BUFFALO, N.Y. (WIVB) — Prosecutors said Dennis McGrath, 57, of Hamburg practiced law in Eire County for 15 years without a valid law license. For 13 of those years, McGrath collected $164,00 from taxpayers to represent indigent clients in court.
The Hamburg grandfather pleaded guilty in December to second degree grand larceny, a felony, and unauthorized practice of law, a misdemeanor. On Friday, McGrath was sentence to probation.
Ironically, McGrath is a lawyer–in Ohio, and in federal court. He neglected to get his proper credentials to practice law in New York, but no one criticized McGrath’s legal acumen at his Erie County Court sentencing.
McGrath offered a tearful apology to those who trusted him during the 15-year lie he lived and practiced as a New York lawyer.
“I wanted to apologize to, and to thank for my family for all of their support throughout this. I also wanted to apologize to my clients, to my colleagues.”
Assistant Erie County District Attorney, Candace Vogel told Erie County Judge Kenneth Case McGrath admitted taking the money, and signed a Confession of Judgment, agreeing to pay back the $164,845 in restitution.
But McGrath would pay less than a third of that, $50,000 telling Judge Case that is all he has–he has forfeited his retirement, and he is now unemployed.
He collected the $164,000 from 2001 to 2013, representing defendants in the “Assigned Counsel” program–people who couldn’t afford their own attorneys. McGrath’s lawyer, Mark Uba described his client as a steady presence for his two adopted daughters, who was a “stay-at-home” father for a period of time.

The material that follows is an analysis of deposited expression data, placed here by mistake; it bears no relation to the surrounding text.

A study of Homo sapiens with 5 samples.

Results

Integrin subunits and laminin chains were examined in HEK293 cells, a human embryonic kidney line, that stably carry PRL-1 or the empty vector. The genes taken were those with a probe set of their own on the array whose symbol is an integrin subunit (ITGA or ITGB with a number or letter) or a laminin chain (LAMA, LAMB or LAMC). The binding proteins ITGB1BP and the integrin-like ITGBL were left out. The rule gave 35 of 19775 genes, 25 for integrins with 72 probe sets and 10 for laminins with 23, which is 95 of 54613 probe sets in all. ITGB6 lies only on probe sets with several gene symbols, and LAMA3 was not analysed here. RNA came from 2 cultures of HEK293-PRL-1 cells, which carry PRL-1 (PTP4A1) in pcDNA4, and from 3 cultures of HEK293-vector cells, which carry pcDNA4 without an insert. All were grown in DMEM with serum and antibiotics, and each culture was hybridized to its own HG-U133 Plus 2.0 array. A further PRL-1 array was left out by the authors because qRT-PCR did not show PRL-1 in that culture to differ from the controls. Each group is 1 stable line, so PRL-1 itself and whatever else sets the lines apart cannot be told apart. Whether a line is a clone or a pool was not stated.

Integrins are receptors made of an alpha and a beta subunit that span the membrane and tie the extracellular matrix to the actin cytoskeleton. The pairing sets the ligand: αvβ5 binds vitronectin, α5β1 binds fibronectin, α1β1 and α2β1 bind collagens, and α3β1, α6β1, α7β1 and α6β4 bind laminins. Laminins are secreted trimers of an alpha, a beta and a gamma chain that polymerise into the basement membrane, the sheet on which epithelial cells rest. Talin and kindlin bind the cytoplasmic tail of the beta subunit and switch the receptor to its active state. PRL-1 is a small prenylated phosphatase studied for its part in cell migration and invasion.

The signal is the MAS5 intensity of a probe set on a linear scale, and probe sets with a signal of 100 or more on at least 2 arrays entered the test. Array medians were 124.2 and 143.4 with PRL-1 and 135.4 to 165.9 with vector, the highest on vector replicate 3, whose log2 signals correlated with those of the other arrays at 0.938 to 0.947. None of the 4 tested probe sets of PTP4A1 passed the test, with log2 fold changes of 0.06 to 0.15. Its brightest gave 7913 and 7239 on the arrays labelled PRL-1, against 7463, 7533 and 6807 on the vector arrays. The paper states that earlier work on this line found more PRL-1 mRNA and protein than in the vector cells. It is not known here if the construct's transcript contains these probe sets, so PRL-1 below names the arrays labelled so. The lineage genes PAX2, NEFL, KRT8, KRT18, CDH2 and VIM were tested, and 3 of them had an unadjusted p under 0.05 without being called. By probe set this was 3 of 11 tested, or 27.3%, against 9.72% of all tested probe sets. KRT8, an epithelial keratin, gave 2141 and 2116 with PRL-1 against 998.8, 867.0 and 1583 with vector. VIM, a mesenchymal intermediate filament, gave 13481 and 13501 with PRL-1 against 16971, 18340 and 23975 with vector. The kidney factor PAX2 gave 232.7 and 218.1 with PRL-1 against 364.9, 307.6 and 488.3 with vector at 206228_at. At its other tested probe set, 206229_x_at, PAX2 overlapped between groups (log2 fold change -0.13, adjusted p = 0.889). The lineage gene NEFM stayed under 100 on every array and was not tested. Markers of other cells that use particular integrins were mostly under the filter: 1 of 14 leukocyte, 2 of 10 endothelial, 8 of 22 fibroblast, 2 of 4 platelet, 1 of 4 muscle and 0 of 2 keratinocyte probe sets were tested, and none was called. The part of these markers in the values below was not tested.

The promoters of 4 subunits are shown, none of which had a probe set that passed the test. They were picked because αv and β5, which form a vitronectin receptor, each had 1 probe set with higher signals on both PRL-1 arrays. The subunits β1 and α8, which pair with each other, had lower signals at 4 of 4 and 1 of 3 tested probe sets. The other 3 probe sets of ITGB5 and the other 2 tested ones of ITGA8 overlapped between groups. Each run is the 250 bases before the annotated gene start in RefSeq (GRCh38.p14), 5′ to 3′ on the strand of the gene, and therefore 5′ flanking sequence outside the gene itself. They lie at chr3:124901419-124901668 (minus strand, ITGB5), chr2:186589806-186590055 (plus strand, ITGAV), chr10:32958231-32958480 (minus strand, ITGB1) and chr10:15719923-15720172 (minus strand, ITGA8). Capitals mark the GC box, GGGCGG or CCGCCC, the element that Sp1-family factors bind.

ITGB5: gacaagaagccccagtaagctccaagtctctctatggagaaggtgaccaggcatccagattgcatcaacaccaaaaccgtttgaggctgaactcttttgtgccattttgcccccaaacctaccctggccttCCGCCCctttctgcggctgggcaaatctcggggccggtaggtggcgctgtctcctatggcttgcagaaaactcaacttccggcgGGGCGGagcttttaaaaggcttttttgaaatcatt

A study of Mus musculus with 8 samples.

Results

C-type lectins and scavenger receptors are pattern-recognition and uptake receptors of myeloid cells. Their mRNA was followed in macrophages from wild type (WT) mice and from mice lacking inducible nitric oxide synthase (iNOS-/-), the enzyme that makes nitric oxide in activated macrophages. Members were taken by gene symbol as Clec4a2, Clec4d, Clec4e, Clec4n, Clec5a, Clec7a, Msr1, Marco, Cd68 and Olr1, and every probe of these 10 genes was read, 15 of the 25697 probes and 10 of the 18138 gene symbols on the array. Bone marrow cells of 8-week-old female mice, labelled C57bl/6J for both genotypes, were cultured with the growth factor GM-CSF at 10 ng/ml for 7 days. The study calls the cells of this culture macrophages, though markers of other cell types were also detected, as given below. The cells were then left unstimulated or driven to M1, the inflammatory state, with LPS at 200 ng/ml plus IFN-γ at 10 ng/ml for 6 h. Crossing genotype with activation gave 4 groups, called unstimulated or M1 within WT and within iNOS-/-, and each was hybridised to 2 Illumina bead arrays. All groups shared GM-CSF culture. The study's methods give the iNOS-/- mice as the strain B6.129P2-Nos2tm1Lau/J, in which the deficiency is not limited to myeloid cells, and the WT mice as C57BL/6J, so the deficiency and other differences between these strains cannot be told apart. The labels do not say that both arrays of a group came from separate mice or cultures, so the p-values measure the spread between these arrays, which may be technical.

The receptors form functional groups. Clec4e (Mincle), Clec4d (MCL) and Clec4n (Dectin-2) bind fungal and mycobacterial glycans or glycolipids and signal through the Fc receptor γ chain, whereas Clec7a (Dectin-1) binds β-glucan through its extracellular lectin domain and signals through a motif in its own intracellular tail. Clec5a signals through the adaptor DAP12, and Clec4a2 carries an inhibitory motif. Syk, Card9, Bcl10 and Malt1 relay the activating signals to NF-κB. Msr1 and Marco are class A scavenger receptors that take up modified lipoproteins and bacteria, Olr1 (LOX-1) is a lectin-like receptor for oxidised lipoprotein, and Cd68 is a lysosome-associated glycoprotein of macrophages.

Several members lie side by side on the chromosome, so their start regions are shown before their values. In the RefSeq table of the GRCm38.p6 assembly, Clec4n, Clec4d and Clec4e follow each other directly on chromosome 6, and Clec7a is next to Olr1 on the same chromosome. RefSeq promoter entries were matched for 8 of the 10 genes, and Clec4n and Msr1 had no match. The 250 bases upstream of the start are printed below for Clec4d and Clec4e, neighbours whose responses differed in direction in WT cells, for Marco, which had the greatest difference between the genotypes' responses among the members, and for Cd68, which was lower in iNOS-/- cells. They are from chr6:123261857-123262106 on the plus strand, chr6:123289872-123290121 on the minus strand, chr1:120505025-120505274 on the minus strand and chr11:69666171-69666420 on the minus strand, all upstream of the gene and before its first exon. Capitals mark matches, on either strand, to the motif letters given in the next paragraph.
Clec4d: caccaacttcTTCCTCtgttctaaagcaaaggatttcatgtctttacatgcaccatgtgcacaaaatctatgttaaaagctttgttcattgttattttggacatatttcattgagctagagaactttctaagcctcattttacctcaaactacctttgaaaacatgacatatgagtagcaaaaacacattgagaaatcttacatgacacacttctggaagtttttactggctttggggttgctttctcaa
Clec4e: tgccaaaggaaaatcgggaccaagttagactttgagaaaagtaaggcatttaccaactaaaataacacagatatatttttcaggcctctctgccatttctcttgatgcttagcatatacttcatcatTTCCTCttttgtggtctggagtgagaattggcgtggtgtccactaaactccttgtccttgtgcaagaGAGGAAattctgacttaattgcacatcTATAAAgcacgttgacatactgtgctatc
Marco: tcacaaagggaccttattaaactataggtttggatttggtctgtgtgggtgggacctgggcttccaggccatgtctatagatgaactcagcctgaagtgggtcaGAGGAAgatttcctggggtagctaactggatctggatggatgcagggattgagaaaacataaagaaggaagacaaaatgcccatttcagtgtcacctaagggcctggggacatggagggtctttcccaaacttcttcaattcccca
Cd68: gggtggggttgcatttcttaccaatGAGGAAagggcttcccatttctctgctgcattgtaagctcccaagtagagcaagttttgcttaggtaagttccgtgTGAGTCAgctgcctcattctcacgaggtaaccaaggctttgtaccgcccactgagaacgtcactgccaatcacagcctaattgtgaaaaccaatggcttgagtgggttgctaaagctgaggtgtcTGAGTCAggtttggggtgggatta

“Helping the indigent, the disadvantaged, those without a voice of their own in society–that began as early as law school,” Uba said.
Uba also pointed out McGrath received letters of support from as many as 75 former clients, athletes he has coached, family and friends. Even Judge Case was impressed.
“You have been an exemplary husband, father, friend, coach, and person, except for the fact that you didn’t get permanently licensed to practice law in New York state.”
Case also felt compelled to praise McGrath’s good work.
“Wow, what an incredible person,” Case said. “What have I done, in my life, to make that kind of difference in this world?”
Even though McGrath’s pre-sentence report recommended a “conditional discharge”, which just means staying out of trouble for the next few years, Case said there has to be consequences.
He sentenced McGrath to 5 years probation and 300 hours of community service, noting that because of McGrath’s felony conviction for grand theft, he will likely be disbarred in Ohio and banned from ever practicing law again.